The other day I read about a writer for Guns and Ammo magazine who was abruptly fired after an article of his questioned the notion that any regulation of guns was unconstitutional. Apparently advertisers suggested that if the writer stayed, they wouldn’t.
One Friday evening I attended church and heard the pastor utter a phrase that astonished me, given his evangelical audience. He said, “Look, if you think ‘My country is always right and the enemy’s always wrong,’ you’re not getting that from the Bible.”
On Sunday, I returned to see if he repeated the phrase to the much larger and generally more traditional audience. He didn’t. For a couple weeks I was furious, until I began to look at the log in my own eye and realize that I, like everyone who speaks or writes for a living, to one degree or another plays to his or her audience.
As do we all, whether our audience be a public, a boss, or an institution.
Still, whenever I’m reminded of how much our careers depend upon not only upon what we do or say but also upon what we don’t do or say, I recall the Marlon Brando character Kurtz in the film Apocalypse Now.
A soldier named Willard has been sent into the jungle to terminate Kurtz, a renegade American army captain who appears to have gone mad and resorted to the most savage tactics.
Here’s the scene:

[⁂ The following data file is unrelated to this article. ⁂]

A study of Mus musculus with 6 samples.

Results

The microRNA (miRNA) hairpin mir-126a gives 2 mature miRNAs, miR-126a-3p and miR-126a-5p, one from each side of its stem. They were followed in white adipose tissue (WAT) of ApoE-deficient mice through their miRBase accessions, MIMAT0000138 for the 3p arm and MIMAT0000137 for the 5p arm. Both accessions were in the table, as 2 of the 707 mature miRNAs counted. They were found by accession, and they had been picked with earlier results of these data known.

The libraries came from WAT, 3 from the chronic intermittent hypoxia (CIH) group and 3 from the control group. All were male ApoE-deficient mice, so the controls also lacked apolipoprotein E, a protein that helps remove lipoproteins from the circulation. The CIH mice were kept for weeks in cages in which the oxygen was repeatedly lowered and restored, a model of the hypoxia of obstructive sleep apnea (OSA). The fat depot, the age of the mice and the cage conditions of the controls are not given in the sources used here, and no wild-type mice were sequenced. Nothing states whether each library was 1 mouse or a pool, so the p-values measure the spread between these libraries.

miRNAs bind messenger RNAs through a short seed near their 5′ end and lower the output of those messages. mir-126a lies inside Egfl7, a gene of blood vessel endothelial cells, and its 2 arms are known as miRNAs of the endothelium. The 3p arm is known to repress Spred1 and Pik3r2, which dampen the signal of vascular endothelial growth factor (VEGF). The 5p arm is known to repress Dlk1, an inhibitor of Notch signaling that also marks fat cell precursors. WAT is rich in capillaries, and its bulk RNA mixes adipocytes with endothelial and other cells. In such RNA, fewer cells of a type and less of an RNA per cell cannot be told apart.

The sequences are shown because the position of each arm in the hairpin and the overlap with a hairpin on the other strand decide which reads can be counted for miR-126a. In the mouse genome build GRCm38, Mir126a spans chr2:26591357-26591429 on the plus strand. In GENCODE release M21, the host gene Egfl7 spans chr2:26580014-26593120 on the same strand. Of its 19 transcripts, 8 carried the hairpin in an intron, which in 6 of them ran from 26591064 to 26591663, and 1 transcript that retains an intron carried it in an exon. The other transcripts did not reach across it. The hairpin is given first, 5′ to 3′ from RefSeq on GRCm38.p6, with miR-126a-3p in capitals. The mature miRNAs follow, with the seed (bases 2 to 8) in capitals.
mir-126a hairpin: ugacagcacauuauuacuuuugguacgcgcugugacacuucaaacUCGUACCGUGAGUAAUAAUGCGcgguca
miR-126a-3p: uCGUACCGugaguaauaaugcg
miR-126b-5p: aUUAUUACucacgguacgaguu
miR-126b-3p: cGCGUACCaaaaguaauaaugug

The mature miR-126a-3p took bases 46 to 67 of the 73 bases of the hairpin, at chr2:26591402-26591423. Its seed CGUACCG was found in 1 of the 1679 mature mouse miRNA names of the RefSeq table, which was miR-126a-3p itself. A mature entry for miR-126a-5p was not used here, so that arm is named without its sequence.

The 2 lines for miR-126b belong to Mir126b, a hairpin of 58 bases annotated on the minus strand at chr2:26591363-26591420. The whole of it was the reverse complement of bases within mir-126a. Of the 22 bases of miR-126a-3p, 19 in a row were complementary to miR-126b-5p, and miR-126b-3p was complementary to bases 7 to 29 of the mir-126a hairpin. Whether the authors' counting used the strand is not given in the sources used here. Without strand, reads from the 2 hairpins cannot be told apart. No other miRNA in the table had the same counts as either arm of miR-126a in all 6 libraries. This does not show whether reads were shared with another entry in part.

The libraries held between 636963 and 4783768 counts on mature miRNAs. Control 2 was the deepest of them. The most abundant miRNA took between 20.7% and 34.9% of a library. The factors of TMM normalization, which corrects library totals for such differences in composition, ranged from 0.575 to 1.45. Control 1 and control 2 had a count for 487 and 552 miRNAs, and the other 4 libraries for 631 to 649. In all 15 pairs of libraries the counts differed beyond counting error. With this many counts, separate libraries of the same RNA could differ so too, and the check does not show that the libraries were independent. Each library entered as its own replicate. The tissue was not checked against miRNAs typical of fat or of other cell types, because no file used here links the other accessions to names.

Kurtz: You are an assassin?
Willard: A soldier.
Kurtz: You are neither. You are an errand boy, sent by grocery clerks, to collect a bill.
I had the privilege of meeting the author Kurt Vonnegut when I was studying at the University of Iowa and he came for a visit. At a party, a few of us were in the kitchen when Mr. Vonnegut offered some theories about how the world works. A big issue at the time was the price of gasoline. He said, “Suppose you work at a gas station and I come to buy gas and you charge me a dollar a gallon, and I argue that you’re out of line charging so much, and you say ‘I have to charge you that much, because that’s the price my boss set.’ You see, that’s a lie. You don’t have to charge that much. You don’t have to keep that job.”
Certainly there are rebuttals to his argument, but they all are pragmatic, and they lead me to think about another fine author, B. Traven (who, by the way, appears in my upcoming Tom Hickey novel The Good Know Nothing). Traven argued that we always have a choice. If, with a gun barrel pressed to our temples, we are commanded to do something, we can refuse, and die.
Which makes me think of our challenge as writers, or students, or employees of any sort. Because the degree to which we cater to our audience, even though the effort may oppose our own aesthetics or values, may well determine our material success or failure.
I’m not advocating that we should approach our work idealistically, pragmatically, or with a moderate dose of each attitude. That has to be a personal decision.
But I am suggesting that we would do well to recognize our freedom and now and then stop to ask “Am I an errand boy sent by grocery clerks to collect a bill?”